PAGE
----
XLMedia has landed an exclusive sports betting content partnership with a Midwest news organization.
The digital media publisher has announced a partnership with the Star Tribune Media Company, which is the largest new organization in the Upper Midwest. As part of its deal with the Star Tribune, XLMedia will deliver commercial sports betting content to the news organization’s more than 7 million monthly users. The pact will also see XLMedia and the Star Tribune leverage a daily fantasy sports industry that sees the Minnesota market ranked top five in usage.
“We’re excited to partner with XLMedia to provide our readers with this highly engaging commercial content,” said Star Tribune EVP and CRO Paul Kasbohm. “XLMedia brings tremendous credibility and expertise, allowing us to stay ahead of the curve and offer our audience the latest information to make their own informed decisions about this rapidly evolving space.”
XLMedia’s partnership with the Star Tribune builds on previous efforts by the London-based company to expand its North American presence. In 2020, the company paid $12 million to acquire sports betting business CBWG. XLMedia has also benefited from rev share deals.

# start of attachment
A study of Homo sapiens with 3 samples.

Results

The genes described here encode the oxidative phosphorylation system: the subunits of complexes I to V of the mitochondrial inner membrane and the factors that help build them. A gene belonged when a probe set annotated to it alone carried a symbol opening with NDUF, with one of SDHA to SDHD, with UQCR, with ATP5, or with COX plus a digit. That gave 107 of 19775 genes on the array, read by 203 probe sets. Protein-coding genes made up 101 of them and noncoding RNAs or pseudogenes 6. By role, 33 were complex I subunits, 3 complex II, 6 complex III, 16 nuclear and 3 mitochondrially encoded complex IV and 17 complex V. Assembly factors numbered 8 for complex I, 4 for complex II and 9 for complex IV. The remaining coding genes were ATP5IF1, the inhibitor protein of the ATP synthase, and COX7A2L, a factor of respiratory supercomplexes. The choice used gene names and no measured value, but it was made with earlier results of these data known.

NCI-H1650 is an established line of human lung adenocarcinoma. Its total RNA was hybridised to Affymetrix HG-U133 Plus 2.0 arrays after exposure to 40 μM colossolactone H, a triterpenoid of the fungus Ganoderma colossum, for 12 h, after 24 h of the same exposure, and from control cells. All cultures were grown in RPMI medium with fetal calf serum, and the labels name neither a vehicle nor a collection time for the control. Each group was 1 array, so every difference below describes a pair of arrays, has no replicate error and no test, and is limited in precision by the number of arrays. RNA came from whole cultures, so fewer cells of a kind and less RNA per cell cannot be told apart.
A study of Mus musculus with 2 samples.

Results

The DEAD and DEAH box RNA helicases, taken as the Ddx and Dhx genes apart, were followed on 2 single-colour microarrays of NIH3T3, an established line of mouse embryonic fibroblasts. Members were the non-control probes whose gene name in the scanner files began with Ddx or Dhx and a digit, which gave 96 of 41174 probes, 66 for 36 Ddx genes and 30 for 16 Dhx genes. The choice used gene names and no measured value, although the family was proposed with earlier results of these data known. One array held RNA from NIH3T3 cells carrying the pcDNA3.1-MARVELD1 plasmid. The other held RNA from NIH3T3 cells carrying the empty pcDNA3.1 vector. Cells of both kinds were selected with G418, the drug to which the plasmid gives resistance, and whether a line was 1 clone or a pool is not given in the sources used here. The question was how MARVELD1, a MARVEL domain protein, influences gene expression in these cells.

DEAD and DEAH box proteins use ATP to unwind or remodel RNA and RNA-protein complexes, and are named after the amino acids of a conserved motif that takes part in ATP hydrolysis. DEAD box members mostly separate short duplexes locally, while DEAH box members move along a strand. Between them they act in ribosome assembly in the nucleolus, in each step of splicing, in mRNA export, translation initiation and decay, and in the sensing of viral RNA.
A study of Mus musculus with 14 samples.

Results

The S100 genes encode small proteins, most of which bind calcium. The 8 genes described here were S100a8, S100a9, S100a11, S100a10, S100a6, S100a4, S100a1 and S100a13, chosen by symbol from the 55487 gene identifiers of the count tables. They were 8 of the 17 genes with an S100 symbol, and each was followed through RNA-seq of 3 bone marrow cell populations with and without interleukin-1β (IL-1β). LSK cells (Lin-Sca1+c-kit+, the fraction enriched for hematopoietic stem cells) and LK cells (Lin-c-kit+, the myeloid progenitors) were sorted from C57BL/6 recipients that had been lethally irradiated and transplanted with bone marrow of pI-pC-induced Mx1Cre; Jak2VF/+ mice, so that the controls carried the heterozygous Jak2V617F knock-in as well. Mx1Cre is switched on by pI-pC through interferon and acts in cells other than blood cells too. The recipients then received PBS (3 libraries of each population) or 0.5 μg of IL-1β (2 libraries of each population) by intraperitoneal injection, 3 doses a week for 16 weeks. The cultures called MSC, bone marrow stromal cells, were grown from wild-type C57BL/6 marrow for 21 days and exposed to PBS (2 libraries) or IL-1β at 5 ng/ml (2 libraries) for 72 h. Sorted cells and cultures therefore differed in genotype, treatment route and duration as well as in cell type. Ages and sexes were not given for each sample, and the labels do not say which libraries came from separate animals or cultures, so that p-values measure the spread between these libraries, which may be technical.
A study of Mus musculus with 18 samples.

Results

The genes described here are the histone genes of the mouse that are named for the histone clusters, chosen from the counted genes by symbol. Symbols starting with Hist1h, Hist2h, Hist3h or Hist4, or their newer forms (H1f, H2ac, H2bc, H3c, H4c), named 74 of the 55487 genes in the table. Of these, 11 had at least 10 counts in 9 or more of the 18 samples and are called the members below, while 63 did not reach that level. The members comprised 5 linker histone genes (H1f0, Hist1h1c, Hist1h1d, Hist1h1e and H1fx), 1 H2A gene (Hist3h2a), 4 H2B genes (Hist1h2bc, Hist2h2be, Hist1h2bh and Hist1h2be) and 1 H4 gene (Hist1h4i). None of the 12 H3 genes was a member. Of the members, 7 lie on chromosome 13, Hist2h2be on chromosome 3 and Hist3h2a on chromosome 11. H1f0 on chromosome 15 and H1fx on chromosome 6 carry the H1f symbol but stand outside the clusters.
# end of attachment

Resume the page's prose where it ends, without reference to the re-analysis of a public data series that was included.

Last December, the company informed investors that revenue from its North American operations could fail to meet full-year expectations in 2023 due to the rebranding of Barstool Sportsbook to ESPN Bet. Barstool Sportsbook was considered a “major partner” of XLMedia. The sports betting platform rebranded after former owner PENN Entertainment sold media company Barstool Sports back to its founder Dave Portnoy for a $1. XLMedia has projected lower revenue in North America due to a reduced level of customer acquisition during the transition process. The company is looking to regain profits amid ESPN Bet’s recent launch.
ESPN Bet went live with wagering on November 14, 2023, in 17 regulated sports betting markets.
No sports betting at home for the Star Tribune
A caveat to the partnership is that the Star Tribune’s home state, Minnesota, has yet to authorize regulated sports betting.
Lawmakers who advocate for sports betting in the state have failed to garner adequate support for wagering legislation. Last month, Sen. Jeremy Miller announced plans to introduce a sports betting bill with wagering tied to both tribes and professional sports teams. The forthcoming measure, “Sports Betting Act 2.0,” is scheduled to be filed when Minnesota’s 2024 session begins on Feb. 12. Its draft proposes to grant up to 11 online sports betting licenses to the state’s 11 federally recognized tribes while professional sports teams and card rooms can offer retail wagering at their venues. Both online and retail betting would be taxed at a 15% rate.
In 2022, Rep. Zach Stephenson estimated sports betting tax revenue in Minnesota could reach up to $12 million annually at a 10% rate.